We recently asked you to write to your state senators in support of legislation that would change how automobile accident claims and other personal injury cases are handled in court.
While we still believe that North Carolina’s use of contributory negligence in personal injury cases is antiquated, harsh and punishes injured people, we can no longer support the version of HB 813 now being debated by state lawmakers. Quite simply, some the the provisions that have been added to the bill as it has made its way through the N.C. General Assembly do not protect the interests of injured people.
So, we must join the N.C. Advocates for Justice in withdrawing our support for HB 813.
As a law firm that advocates for injured people, we still believe that North Carolina must move away from contributory negligence and toward comparative fault in these cases, the compromise bill currently proposed sacrifices too much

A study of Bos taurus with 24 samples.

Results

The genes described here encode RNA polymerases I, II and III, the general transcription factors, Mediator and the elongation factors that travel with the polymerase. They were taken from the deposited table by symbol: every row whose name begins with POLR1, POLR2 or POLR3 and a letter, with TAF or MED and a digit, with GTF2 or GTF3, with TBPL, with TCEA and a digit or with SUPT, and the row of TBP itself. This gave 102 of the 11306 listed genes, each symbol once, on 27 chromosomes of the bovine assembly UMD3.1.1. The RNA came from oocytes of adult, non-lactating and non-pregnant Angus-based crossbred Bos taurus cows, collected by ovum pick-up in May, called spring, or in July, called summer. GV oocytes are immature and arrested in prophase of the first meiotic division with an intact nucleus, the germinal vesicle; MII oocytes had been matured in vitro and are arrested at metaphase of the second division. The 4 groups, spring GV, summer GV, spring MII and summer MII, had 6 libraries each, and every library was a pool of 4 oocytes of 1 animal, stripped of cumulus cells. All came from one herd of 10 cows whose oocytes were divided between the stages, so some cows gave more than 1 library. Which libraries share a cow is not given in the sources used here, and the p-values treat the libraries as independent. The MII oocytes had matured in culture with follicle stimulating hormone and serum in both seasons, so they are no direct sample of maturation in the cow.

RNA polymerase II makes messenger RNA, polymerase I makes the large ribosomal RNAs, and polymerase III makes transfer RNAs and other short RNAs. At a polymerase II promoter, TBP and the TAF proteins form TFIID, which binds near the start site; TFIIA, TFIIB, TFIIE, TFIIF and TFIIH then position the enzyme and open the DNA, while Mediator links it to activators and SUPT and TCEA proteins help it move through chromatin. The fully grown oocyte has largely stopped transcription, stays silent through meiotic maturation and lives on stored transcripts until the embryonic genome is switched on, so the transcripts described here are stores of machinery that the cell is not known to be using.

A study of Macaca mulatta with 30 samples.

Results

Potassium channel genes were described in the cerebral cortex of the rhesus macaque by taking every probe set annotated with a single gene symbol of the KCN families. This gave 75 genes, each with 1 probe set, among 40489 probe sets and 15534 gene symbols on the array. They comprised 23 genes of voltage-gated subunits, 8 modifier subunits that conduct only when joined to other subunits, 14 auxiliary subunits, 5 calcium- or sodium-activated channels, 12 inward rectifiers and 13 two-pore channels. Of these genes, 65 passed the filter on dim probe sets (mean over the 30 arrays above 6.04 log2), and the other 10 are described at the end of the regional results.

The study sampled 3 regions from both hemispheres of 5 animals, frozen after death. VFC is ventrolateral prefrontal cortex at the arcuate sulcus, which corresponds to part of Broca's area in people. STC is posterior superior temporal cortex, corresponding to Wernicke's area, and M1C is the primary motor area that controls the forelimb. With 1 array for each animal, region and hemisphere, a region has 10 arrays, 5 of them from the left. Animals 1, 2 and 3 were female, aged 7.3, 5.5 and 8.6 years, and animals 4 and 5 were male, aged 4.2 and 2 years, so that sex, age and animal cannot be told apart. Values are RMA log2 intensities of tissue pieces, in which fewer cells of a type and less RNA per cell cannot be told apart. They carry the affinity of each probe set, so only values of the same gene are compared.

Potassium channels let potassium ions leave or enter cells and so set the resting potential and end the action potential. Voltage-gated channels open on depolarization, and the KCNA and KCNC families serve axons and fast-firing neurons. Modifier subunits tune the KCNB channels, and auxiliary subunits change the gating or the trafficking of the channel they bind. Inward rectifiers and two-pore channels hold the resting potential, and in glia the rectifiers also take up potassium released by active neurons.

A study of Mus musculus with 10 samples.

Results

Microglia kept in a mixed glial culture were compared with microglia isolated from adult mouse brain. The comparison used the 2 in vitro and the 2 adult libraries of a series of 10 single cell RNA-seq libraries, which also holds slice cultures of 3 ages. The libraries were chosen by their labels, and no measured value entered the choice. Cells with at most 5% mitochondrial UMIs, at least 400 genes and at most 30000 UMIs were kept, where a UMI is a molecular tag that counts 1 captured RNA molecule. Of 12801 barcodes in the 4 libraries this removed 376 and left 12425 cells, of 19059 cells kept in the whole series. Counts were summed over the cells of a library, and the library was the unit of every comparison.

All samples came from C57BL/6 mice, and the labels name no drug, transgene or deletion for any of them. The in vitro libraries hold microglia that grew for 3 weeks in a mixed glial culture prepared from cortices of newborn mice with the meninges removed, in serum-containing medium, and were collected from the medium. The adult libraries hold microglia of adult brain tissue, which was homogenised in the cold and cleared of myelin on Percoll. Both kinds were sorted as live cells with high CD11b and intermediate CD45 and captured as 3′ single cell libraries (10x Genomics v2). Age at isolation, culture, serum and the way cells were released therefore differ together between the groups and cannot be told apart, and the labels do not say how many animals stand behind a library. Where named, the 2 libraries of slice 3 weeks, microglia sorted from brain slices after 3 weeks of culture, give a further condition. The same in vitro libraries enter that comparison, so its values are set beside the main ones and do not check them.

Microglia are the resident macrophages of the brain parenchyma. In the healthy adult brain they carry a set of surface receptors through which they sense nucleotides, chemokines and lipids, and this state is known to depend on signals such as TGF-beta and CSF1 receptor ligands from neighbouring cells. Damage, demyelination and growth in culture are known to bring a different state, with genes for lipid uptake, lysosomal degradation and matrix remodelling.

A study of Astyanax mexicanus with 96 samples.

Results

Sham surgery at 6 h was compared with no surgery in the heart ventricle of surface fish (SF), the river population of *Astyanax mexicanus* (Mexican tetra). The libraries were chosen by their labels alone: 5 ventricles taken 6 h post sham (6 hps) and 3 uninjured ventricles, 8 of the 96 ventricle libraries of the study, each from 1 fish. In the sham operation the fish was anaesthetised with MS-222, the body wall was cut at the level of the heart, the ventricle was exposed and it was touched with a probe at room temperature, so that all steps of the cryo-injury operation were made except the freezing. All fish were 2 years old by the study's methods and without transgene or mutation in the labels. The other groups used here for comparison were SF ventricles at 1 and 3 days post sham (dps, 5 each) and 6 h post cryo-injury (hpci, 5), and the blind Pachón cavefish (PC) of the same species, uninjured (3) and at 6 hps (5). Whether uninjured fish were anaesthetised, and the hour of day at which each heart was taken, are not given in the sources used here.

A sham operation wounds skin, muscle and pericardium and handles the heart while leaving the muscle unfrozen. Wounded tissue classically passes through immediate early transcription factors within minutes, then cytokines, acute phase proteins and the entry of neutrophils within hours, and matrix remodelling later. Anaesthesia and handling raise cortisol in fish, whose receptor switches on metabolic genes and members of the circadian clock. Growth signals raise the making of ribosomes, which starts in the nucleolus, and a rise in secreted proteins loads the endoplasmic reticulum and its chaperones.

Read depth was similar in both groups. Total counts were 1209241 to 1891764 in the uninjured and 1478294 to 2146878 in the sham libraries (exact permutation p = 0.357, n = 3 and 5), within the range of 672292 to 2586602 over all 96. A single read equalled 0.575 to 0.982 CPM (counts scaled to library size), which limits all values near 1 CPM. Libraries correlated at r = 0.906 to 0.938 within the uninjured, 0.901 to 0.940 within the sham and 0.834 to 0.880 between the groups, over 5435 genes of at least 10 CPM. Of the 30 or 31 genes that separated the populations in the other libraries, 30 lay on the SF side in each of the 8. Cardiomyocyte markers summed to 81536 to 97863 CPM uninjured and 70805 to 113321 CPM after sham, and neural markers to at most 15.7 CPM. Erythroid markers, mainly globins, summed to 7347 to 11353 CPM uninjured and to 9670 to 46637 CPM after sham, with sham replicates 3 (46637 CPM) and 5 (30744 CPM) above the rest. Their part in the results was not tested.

North Carolina is one of only four states that allow the doctrine of contributory negligence as a defense in auto accident and other personal injury cases. Contributory negligence is a harsh and outdated way of denying help to people hurt in accidents. Under current law, if you’re even 1 percent responsible for an accident, you CANNOT recover damages from the person who injured you, even if that person is 99 percent at fault.
The original HB 813, which we supported, sought to correct that injustice by switching from contributory negligence to comparative fault. Under the comparative fault doctrine, juries determine how much fault lies with each party in the accident and then award damages based on those percentages. The injured party is allowed to recover only that percentage of damage caused by the other person. Under the much fairer comparative fault standard, an injured person would still be able to collect a percentage of an insurance settlement to cover medical bills and compensate for injuries. Now, these victims get nothing.